A student in a green sweatshirt and Yankees ball cap works on a laptop in the library.

Students work on their laptops in the library as the semester comes to an end. (Photo by Tracey Friedman)

As exams approach, NYU Libraries wants students to know it has the books they need to finish the academic year.

It also has the beats.

NYU Libraries has created study playlists on Spotify to boost energy, calm nerves, or simply entertain students as they finish the term. Found on the Finals Resources page, the playlists have been curated by library employees to provide hours of company and distraction during a stressful time.

“It’s a way of humanizing the library and expanding everyone’s understanding of the ways we can support the student experience,” says Liz Verrelli, assistant director of special events for NYU Libraries. “We want students to see the library as a place for connection and fun.”

'Goblin Radio' and More NYU Libraries Study Playlists

open in spotify

Three new playlists—Lo-fi Video Game MusicEclectic Study: Soft Scribbling, and Positively Productive—debuted in December, and a fourth—Goblin Radio: It Came from the Stacks—was just added for the Spring 2023 finals season. The program started in 2019 with Bobst Beats and now numbers 10 playlists in all.  Listeners will find everything from Kings of Leon to Kool & the Gang, J. Dilla to Claude Debussy, with Motown, Jazz, K-Pop, and Disney mixed in.

Music is universal, and students can learn a lot about each other by sharing their favorites, Verelli says. In an environment where so many are wearing headphones, it seemed like an organic way to engage with them and to show them empathy and kindness.  

NYU News asked Verelli and Rashad Bell, Bobst Library’s shelving and retrieval supervisor—and the inspiration behind the newest playlist—to discuss the program and the libraries’ goals for this musical resource. 

The library's desks are filled with students wearing headphones and working on their laptops.

Since so many students use headphones as the work in the library, NYU Libraries has curated playlists to help them get through a stressful time. (Photo by Tracey Friedman)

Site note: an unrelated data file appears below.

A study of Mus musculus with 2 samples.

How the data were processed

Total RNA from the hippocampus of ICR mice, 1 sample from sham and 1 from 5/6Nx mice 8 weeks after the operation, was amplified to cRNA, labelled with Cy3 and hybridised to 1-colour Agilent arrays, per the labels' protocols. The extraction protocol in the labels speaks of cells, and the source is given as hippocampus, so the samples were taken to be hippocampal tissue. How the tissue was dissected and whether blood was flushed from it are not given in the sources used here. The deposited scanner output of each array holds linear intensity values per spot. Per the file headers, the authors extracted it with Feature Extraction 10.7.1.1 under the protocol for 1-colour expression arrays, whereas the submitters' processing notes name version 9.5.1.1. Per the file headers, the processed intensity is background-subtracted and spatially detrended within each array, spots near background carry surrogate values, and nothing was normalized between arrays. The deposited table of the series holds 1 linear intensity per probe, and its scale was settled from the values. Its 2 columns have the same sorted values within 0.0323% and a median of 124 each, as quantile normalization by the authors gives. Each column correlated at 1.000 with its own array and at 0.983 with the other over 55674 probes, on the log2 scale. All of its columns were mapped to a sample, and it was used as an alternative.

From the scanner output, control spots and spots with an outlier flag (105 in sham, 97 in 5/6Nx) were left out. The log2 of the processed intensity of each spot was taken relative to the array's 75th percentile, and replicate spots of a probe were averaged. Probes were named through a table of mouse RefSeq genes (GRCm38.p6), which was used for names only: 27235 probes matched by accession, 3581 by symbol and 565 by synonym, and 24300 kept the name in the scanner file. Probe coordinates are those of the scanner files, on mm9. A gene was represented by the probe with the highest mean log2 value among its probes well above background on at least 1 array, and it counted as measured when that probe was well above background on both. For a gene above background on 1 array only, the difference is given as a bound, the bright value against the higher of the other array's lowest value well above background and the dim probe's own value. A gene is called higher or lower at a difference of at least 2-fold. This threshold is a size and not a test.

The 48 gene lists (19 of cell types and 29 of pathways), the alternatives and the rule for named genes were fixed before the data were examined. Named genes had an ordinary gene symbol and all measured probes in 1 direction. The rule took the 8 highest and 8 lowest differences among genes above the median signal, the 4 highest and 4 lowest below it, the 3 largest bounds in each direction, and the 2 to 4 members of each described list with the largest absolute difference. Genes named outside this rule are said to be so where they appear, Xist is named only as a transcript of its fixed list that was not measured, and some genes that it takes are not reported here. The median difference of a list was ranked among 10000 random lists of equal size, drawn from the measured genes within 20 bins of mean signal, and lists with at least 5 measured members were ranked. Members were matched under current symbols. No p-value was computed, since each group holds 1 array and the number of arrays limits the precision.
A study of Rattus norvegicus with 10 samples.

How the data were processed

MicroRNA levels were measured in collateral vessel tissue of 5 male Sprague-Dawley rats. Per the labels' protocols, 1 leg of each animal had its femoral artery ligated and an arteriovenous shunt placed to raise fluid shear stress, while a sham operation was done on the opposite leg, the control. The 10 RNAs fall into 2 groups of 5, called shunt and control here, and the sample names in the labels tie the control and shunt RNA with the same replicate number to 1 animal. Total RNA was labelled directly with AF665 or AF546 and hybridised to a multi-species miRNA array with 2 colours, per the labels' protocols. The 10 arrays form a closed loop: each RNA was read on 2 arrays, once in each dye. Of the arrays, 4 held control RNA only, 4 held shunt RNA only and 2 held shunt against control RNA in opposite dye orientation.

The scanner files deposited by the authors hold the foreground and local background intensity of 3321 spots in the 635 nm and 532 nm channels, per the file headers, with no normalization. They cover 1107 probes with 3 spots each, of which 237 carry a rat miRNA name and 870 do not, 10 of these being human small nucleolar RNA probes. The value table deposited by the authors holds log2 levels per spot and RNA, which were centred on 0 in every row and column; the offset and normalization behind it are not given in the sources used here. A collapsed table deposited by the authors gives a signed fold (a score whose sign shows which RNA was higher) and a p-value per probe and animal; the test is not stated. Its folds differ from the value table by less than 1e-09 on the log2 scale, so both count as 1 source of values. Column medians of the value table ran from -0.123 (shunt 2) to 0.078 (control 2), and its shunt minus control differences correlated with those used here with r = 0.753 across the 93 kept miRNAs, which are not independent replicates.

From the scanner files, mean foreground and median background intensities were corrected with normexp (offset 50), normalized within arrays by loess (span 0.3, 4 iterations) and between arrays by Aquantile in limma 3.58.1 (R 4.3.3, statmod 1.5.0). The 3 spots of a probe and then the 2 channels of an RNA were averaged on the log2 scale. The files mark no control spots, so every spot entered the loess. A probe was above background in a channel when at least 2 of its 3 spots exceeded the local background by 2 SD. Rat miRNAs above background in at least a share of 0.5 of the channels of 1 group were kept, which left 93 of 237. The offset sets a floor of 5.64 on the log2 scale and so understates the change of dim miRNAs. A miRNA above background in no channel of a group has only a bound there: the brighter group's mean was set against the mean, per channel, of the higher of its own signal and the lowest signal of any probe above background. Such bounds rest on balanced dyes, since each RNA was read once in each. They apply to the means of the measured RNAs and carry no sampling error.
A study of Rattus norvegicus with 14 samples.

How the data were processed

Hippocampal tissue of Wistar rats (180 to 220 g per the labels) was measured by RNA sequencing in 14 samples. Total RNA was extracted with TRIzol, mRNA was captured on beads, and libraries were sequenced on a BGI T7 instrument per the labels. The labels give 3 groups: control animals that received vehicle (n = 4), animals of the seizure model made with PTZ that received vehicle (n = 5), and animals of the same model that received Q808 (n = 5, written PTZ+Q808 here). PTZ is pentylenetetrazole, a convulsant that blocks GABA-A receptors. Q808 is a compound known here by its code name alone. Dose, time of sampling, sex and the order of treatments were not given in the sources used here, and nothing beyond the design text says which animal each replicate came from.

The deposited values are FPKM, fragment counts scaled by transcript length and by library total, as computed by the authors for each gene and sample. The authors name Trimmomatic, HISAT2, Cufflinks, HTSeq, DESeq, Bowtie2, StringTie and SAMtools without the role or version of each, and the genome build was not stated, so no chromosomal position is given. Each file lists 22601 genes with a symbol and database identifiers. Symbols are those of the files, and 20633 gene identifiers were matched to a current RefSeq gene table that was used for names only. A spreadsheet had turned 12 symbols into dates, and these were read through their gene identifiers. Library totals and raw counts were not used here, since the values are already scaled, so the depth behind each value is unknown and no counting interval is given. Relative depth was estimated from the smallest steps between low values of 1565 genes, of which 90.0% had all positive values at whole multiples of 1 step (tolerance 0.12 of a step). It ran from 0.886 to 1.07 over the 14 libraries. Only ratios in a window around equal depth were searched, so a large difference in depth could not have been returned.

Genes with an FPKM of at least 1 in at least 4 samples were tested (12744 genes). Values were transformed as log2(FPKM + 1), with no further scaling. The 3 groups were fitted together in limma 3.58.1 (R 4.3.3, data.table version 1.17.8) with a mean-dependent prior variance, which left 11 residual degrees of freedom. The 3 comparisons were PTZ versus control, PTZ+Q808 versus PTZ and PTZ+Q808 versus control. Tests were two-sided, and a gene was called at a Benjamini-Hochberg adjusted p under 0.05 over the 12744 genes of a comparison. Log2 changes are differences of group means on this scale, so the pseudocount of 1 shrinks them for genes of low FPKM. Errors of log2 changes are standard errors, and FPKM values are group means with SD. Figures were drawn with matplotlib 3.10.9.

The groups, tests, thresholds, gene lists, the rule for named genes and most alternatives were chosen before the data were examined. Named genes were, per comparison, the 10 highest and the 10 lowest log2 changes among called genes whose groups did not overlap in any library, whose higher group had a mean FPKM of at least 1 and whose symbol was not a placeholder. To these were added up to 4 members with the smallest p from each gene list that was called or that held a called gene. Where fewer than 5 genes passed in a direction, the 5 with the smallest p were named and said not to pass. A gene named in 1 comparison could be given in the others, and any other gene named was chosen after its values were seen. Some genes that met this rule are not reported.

Rashad, you said Goblin Radio started last summer as a way for you to build a sense of community and get to know your team of 22, including 15 student employees. Tell us more about its origins.

Bell: I am relatively new and I noticed that talking to my student employees about music was one way they got more comfortable talking to me. Last summer, I took some of them out to lunch and I asked if they would be interested in making a stacks playlist, and before I could finish they were pulling out their phones and opening Spotify. I put a few songs in to start, including CD Player Part III by death’s dynamic shroud. A student emailed me yesterday, “Did you put that on there? I really like it.” I describe the sound as a haunted video game.

Everyone has such varied musical interests. It's fun to see what will get added. You can’t predict what people will like.

Can you tell us about the name? Why Goblin Radio?

Bell: I used to work in closed stacks by myself [at the New York Botanical Garden Library] and my colleagues jokingly called me the stacks goblin, so when I came here I started referring to my student workers as goblins.

Rashad’s goal of team building is a microcosm of NYU Libraries’ effort to connect with their communities. How do these playlists contribute to that effort?

Verrelli: There is an approach among libraries to focus on the whole person, and see our visitors not just as researchers and scholars but as people who have any number of complex needs. We thought about what we could do to have fun, to bring something more whimsical and unexpected, or enliven the experience by bringing in art.

Sharing music seems like the perfect way to bring people together, but it doesn’t fit the old-fashioned definition of a library. How have the students responded?

Verrelli: They have been a runaway hit. A lot of the things that we have historically offered have a research focus, or scholarly focus, that support their academic success. We wanted to do some things that were just fun as well. I love music. I love making playlists myself. I don’t know what other people listen to and I’ve discovered a lot of really cool music through this project.

You have dropped the most recent playlists right before exam week. Why?

Verrelli: If you are working in our library’s public services, you can feel the stress that accumulates at this time. Students have more demands, more complex demands, placed on them, and we feel their mounting level of expectations and anxiety. We wanted to take a beat, and remind them that you have to take care of yourself and we’re here to support you in those ways, too.